Thursday, February 02, 2012

Anonymous blogging is First Amendment protected speech -- as we knew all along

You may recall the case of the blogger/PI who sued two bloggers in Beaumont because they made fun of him, sucking Google (as blogger.com) and others into his vindictive legal wrath.

He lost at the Texas Supreme Court, and now he has lost again. First, from the Southeast Texas Record:

On Monday a local judge denied Philip Klein's petition to take the depositions of Google and Beaumont attorney Brent Coon, effectively ending the political commentator's three-year crusade to unmask two area bloggers.

Through his companies, Klein filed the petition against the Operation Kleinwatch and Sam the Eagle blogs, as well as Google and its subsidiary, blogger.com, on Aug. 26, 2009, in Jefferson County District Court.

Klein alleged Operation Kleinwatch and Sam the Eagle engaged in a pattern of libel and defamation, invasion of privacy and use of copyrighted images.

In his petitions, Klein claimed the bloggers defamed him by posting a parody of Dog Fancy magazine in which he was depicted under the caption, "Fat Men Who Love Their Dogs Too Much."

Nonetheless, on Jan. 30 Judge Donald Floyd, 172nd District Court, denied Klein's verified third amended petition, ending his efforts to investigate claims.

"This ruling reaffirms the important principle that disgruntled public figures may not abuse pre-suit discovery to ferret out personal information about the people who criticize them," said Jeffrey L. Dorrell, a Houston attorney who defended the bloggers, in a press release.

And from said press release:

Ending almost three years of litigation, Judge Donald Floyd of the 172nd District Court in Jefferson County on January 30, 2012, entered a final order denying Beaumont private investigator and local media personality Philip R. Klein’s request to take presuit depositions of Internet search giant Google, prominent local attorney Brent Coon, and others to discover the identity of two anonymous bloggers. The bloggers publish satirical parody and other biting criticism directed at Klein on blogs known as “Operation Kleinwatch” and “Sam The Eagle.”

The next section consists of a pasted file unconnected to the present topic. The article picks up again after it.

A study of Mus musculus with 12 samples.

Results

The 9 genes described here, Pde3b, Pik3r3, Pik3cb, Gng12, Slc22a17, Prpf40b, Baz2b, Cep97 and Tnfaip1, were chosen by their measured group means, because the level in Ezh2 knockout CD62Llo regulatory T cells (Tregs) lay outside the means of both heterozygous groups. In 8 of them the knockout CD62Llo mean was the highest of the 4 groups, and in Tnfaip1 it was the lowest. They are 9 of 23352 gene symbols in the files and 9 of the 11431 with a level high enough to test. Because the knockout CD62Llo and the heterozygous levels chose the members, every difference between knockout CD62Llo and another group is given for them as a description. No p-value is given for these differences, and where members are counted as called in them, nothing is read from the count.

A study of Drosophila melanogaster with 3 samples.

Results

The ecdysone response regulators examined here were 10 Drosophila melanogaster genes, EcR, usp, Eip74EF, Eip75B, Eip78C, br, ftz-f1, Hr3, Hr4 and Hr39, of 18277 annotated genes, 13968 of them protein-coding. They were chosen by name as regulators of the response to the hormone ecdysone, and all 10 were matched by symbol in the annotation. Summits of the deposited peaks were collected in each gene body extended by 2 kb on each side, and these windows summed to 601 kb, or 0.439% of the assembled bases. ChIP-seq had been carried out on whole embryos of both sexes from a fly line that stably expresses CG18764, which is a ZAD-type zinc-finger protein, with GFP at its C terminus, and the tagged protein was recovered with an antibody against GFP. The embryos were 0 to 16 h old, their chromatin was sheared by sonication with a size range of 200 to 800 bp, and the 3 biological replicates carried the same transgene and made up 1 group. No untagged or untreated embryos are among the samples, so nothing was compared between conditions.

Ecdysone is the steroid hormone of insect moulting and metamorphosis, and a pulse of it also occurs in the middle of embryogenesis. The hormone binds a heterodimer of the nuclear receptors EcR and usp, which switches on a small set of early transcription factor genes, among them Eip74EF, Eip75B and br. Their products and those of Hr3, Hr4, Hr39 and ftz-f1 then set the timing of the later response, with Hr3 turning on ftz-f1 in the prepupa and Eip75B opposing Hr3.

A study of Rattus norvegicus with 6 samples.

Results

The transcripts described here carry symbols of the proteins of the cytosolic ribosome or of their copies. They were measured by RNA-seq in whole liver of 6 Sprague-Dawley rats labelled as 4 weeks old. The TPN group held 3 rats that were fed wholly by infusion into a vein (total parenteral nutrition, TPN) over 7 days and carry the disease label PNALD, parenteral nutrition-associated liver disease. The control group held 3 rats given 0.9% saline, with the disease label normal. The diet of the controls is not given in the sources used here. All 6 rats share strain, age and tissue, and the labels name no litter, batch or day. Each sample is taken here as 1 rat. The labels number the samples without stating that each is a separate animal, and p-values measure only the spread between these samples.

Here's the response from OK:

After repeated attempts by our attorneys and much foot-dragging by Philip R. Klein and his attorney, John S. Morton, Esq., an evidentiary hearing was held on Jan. 17, in which PRK introduced NO evidence to support his claims that we invaded his privacy, stole his copyrighted work, inflicted emotional duress on him and his family, or defamed him.

We did, however, admit that we posted a parody of a dog magazine with Philip on the front cover - the title of the article: "Fat Men Who Love Their Dogs Too Much," as a parody of this piece from MSNBC. Draw your own conclusions, but according to Philip's arguments, he apparently believes we exposed his penchant for dating farm animals.



Here's the response from Sam The Eagle:

On January 30, 2012, over two and a half years since Sillip instigated his Philly lawsuit, Judge Donald Floyd struck down all of Philip's allegations, denied all of Philip Klein's requests, and confirmed that Philip Klein was the biggest blowhard liar in Southeast Texas.

Klein's blog is the Southeast Texas Political Review, a badly written, poorly sourced ultraconservative freak show covering the Golden Triangle. Klein is also a private investigator, which means he knows lots of crooked attorneys who pay him for various shovelfuls of dirt he is able to unearth.

I would post his response to his losing his case yet again, but it's already been removed.

Philip Klein, quite simply, is a moron. To be both candid and a little cruel, he's just another one of those conservatives of low intelligence you may have read about recently. And there are plenty of lawyers -- even in places like Beaumont, Port Arthur, and Orange -- willing to take his money to watch him demonstrate it.

The importance of this case (to those of us who blog) as precedent really can't be overstated. I do not blog anonymously, of course; and no one who does should have any fear of legal retribution from someone who wishes to out them just because they don't like what they wrote. Sarcasm -- even excessive sarcasm -- as political insult goes at least as far back as 1800 ... in the battle for the presidency between John Adams and Thomas Jefferson. Amazingly, FOX News found the archival videotape of the 19th-century political ads and here it is:



I sure do miss hearing the phrase "hideous hermaphroditical character" tossed around at the Republican debates. Don't you?

Things like First Amendment rights to free speech are usually obvious to every honest and decent American, but rarely are to TeaBaggers with brains too thick and skin too thin.